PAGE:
Novedades sobre el Intercambio Extranjero (en Inglés)
May 1, 2015
The British pound’s best month against the dollar since 2013 left analysts lining up to warn of a turnaround after next week’s general election. The first day of May showed investors are starting to agree. Sterling climbed 3.6 percent in April against the U.S. currency, the most since September 2013, even as opinion polls continued to point to no overall winner in the May 7 vote. With the prospect of protracted negotiations likely, the pound could be poised for a decline. The currency declined the most in six weeks on Friday.
The euro’s rebound against the dollar has it sizing up a key hurdle. The common currency rose for a sixth day against the dollar, its longest winning streak since 2013. Charts patterns signal the euro faces a challenge at its 100-day moving average of $1.1308 after it surpassed $1.10 Wednesday. The currency pair hasn’t traded above its 100-day moving average since May 2014. It rose as much as 1.1 percent to $1.1249 per euro Thursday before paring gains in New York.
Canada’s gross domestic product was unchanged in February, compared with economists’ forecast for a contraction, as a plunge in oil rigging and drilling was offset by gains in consumer spending. Output remained at an annualized C$1.65 trillion ($1.37 trillion), Statistics Canada said Thursday in Ottawa. The output of real estate brokers rose 3.3 percent to end five months of declines, retailing rose 1.5 percent, and support activities for mining and oil and gas extraction dropped 15.4 percent. Canada’s dollar weakened 0.4 percent to C$1.2067 per U.S. dollar at 9:54 a.m. Toronto time, following three days of gains.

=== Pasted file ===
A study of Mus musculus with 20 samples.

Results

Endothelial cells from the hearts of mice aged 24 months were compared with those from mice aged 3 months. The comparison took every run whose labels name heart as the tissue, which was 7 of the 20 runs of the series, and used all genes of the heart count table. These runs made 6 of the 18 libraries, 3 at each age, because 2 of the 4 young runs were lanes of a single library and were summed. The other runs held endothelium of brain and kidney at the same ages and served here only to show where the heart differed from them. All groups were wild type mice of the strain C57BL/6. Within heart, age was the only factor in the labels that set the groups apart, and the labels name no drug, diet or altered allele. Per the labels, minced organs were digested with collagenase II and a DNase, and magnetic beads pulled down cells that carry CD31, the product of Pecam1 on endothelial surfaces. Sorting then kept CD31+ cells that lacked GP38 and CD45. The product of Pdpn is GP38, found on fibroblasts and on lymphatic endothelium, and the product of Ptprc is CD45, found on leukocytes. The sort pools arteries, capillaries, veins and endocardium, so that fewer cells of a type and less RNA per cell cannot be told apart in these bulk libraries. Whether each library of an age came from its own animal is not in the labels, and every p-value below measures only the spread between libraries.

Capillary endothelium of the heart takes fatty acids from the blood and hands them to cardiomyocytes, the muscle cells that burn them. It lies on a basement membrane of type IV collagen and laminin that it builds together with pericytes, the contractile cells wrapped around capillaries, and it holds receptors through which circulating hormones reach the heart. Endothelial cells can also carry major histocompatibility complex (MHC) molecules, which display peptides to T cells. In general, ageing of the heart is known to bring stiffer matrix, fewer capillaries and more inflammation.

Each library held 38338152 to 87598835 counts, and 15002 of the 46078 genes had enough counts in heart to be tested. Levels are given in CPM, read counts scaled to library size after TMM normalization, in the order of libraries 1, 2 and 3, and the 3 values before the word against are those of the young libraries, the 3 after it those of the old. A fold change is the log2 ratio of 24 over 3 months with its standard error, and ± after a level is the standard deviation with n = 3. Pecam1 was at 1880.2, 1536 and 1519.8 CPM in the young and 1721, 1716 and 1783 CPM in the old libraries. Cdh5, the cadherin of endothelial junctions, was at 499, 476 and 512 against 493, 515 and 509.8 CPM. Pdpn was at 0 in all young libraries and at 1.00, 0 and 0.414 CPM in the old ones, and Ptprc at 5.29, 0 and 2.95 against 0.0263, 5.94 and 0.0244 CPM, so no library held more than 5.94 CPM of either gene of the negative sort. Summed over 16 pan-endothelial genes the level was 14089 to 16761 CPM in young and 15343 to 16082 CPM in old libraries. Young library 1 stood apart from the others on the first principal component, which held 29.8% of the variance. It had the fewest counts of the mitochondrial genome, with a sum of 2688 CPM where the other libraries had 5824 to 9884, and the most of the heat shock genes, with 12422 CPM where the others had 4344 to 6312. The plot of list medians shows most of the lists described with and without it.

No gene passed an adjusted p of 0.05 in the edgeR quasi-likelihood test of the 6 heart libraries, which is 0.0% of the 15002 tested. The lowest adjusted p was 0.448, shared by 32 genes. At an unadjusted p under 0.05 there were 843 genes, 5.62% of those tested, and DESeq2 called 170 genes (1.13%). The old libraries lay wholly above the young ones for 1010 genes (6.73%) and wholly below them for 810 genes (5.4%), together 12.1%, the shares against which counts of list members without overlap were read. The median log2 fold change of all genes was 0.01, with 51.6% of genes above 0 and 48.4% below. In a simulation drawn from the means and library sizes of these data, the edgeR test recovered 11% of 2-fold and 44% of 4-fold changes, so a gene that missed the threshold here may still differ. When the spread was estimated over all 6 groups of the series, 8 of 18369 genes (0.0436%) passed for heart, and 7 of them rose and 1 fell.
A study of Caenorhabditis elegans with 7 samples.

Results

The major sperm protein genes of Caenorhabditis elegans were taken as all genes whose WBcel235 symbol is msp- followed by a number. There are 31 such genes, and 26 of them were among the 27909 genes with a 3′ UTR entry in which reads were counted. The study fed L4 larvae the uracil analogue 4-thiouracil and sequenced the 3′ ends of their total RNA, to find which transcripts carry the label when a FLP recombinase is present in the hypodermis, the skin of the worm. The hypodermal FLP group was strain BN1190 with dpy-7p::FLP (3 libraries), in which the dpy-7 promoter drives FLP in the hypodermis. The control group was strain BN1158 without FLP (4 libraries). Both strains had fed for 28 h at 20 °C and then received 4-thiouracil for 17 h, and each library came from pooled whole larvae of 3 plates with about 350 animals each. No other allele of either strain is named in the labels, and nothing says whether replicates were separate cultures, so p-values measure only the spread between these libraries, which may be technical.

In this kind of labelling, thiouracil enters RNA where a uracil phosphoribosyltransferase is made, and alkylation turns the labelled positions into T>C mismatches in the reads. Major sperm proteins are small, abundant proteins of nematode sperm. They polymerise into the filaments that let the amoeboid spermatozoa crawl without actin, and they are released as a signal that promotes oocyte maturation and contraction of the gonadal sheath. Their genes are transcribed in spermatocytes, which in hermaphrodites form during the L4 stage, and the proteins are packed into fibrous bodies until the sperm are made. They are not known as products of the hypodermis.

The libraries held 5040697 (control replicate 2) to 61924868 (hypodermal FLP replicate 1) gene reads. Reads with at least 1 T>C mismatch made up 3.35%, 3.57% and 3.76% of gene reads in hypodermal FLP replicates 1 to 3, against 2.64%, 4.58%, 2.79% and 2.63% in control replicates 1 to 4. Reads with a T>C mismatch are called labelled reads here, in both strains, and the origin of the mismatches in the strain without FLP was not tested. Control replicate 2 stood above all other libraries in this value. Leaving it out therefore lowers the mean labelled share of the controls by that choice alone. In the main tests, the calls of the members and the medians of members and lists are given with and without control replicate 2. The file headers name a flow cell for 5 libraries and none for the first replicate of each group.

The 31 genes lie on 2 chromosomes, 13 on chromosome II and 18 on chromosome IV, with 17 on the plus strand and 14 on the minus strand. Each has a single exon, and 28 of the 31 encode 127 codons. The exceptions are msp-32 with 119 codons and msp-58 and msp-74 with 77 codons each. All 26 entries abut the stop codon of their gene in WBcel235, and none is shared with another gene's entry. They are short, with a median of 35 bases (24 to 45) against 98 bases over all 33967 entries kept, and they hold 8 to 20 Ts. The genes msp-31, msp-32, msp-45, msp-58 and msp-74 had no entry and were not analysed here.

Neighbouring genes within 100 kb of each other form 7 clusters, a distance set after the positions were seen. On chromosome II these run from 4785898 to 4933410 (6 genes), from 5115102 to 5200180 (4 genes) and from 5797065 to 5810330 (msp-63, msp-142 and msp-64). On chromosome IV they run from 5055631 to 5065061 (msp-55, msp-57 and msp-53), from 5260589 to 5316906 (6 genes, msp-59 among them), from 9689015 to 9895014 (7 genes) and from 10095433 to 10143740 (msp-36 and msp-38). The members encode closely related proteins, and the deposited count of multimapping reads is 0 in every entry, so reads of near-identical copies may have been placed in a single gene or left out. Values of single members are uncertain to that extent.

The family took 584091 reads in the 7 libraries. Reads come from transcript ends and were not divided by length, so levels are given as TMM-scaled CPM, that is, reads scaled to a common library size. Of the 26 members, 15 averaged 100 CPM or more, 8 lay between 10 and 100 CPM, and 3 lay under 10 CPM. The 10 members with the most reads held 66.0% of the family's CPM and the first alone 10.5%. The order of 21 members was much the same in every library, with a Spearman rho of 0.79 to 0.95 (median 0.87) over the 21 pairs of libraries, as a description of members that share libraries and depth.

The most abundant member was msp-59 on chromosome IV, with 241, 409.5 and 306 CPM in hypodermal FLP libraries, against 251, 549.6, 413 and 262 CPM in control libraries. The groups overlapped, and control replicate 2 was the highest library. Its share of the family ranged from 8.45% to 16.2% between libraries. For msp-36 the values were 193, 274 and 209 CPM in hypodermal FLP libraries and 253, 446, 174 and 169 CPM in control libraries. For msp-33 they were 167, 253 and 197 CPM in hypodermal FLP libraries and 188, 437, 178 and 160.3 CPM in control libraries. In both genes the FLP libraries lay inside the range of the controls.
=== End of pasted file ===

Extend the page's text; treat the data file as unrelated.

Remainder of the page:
A surging China saved the global economy from recession, but a slowing China may not consign it to a slump. The world’s second-largest economy will grow 6.8 percent this year en route to 6 percent in 2017, the International Monetary Fund projects. That’s half the 14 percent of 2007 and well below the 10 percent of 2010. The deceleration will certainly eat into global growth, given China now accounts for about 15 percent of worldwide gross domestic product. A slowing to 7 percent should be enough to reduce an already sub-par expansion everywhere by 0.5 percentage points.
This market update is prepared by Cathay Bank for informational purposes only and does not constitute any form of legal, tax or investment advice, nor should it be considered an assurance or guarantee of future exchange rate movements or trends. This information is provided without regard to the specific objectives, financial situation or needs of any recipient. Cathay Bank does not make any representations or warranties about the accuracy, completeness or adequacy of this market update.